Volume 3 Supplement 1

4th German Conference on Chemoinformatics: 22. CIC-Workshop

Open Access

Complexity effects in fingerprint similarity searching

  • Y Wang1,
  • H Geppert1 and
  • J Bajorath1
Chemistry Central Journal20093(Suppl 1):P5

DOI: 10.1186/1752-153X-3-S1-P5

Published: 05 June 2009

Similarity searching using fingerprint representations of molecules is widely applied for mining of chemical databases [1]. Known active compounds are used as templates to search for novel hits using similarity measures for quantitative bit string comparison. A variety of similarity metrics are being used for this purpose including the popular Tanimoto coefficient [1] and the Tversky coefficients [2].

Differences in molecular complexity and size are known to bias the evaluation of fingerprint similarity [3]. Complex molecules tend to produce fingerprints with higher bit density than simpler ones, which often leads to artificially high similarity values in search calculations. For example, we have thoroughly analyzed similarity value distributions and demonstrated that apparent asymmetry in Tversky similarity search calculations is a direct consequence of differences in fingerprint bit densities [4].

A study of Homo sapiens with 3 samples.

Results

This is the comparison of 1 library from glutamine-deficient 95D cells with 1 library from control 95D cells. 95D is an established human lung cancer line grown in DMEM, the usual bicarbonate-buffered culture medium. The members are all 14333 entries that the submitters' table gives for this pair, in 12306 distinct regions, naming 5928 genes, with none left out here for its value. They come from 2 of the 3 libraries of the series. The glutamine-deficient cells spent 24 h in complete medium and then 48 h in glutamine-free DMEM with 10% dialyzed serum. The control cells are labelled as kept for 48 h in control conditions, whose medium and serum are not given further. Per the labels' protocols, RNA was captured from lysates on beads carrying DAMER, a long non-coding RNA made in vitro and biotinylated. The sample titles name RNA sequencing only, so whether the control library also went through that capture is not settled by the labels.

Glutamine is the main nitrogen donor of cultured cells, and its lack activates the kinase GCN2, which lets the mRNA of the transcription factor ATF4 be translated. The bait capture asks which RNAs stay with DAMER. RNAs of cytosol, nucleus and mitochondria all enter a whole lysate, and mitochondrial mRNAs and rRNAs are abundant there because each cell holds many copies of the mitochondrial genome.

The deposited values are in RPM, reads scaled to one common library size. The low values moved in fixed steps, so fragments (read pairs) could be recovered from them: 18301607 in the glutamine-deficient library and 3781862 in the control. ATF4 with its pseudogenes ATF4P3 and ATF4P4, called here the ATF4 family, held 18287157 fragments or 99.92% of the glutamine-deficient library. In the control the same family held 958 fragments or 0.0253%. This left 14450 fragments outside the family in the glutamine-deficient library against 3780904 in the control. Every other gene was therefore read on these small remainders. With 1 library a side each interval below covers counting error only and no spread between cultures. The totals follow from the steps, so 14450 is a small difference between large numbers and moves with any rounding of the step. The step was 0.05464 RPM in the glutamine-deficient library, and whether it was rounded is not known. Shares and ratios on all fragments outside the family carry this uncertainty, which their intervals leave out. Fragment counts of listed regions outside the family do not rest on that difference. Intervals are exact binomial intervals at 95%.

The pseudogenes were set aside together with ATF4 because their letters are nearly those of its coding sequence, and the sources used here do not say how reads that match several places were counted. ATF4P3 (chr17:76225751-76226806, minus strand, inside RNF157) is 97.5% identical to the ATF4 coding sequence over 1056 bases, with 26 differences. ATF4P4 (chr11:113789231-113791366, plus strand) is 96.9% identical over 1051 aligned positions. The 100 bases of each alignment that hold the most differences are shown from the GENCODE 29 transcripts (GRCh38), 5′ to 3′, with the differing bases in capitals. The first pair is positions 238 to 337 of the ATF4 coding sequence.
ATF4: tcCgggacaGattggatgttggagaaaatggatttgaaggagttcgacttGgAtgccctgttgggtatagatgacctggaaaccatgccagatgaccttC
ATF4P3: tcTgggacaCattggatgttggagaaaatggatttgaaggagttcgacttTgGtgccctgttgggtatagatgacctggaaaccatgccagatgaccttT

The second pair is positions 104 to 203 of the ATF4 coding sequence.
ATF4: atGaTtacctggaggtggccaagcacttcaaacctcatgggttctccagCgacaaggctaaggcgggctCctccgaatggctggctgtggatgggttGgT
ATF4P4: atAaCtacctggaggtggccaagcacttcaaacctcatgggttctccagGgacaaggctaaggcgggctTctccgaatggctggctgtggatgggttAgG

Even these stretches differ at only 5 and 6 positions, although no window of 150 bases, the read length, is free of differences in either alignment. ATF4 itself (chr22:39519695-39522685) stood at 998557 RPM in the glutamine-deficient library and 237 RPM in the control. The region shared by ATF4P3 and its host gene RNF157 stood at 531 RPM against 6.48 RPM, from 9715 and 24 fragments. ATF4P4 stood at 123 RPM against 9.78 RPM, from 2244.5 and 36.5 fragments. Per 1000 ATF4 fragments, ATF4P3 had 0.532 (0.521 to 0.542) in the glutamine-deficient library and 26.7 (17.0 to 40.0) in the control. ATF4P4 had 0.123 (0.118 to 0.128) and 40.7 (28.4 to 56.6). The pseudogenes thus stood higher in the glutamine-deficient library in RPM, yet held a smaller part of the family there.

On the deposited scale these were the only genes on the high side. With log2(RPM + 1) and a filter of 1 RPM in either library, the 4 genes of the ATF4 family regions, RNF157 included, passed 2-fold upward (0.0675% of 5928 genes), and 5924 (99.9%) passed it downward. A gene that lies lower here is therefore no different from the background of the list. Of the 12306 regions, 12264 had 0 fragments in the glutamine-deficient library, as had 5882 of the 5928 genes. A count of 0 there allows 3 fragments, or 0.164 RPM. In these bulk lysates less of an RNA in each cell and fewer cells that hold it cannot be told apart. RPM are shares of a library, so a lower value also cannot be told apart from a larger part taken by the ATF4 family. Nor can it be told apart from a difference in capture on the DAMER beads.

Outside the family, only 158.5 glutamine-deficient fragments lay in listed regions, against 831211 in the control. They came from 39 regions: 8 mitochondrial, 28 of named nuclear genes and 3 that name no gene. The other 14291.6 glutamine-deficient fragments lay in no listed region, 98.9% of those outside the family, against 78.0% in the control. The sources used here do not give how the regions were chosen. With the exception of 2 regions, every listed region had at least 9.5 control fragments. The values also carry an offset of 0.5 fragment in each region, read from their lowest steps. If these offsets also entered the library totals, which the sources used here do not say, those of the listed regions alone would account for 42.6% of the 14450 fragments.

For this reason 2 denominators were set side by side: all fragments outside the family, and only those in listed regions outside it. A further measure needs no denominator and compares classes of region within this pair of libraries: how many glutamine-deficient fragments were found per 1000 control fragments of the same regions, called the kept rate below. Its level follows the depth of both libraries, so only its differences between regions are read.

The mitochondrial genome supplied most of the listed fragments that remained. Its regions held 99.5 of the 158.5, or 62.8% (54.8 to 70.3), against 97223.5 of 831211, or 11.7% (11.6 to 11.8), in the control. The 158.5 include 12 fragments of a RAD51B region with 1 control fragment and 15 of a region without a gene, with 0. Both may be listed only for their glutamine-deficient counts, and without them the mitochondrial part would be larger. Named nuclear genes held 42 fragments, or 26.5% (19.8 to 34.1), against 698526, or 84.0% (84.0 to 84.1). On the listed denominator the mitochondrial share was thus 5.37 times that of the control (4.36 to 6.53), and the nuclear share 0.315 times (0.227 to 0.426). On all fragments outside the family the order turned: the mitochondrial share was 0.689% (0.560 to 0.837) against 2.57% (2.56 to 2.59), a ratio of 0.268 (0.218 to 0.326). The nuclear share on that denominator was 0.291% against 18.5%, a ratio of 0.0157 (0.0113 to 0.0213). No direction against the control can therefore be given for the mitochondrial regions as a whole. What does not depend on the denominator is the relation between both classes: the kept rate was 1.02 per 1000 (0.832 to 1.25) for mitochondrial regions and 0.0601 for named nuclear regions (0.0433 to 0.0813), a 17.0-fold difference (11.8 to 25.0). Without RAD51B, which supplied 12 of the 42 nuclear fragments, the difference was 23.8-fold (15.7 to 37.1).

There are in principle two approaches to balance complexity effects; either by designing fingerprints that have constant bit density, regardless of the nature of test molecules, or, alternatively, by introducing similarity metrics that equally weight bit positions that are set on or off. We have shown that a size-independent fingerprint with constant bit density does not produce asymmetrical search results [4]. In addition, a novel similarity metric has been developed, which not only balances complexity effects, but also results in further improved search performance compared to conventional calculations on Tanimoto similarity [5]. However, highly complex molecules are generally much less suitable as reference compounds for fingerprint searching than active compounds having complexity comparable to the screening database [5]. Random deletion of bits that are set on in complex templates has been shown to increase compound recall, despite the associated loss in chemical information content [6]. Taking relative chemical complexity of reference and database compounds into account makes it possible to increase the success rates of fingerprint similarity searching.

Authors’ Affiliations

(1)
Department of Life Science Informatics, B-IT, LIMES Program Unit Chemical Biology and Medicinal Chemistry, Rheinische Friedrich-Wilhelms-Universtität Bonn

References


© Wang et al; licensee BioMed Central Ltd. 2009

This article is published under license to BioMed Central Ltd.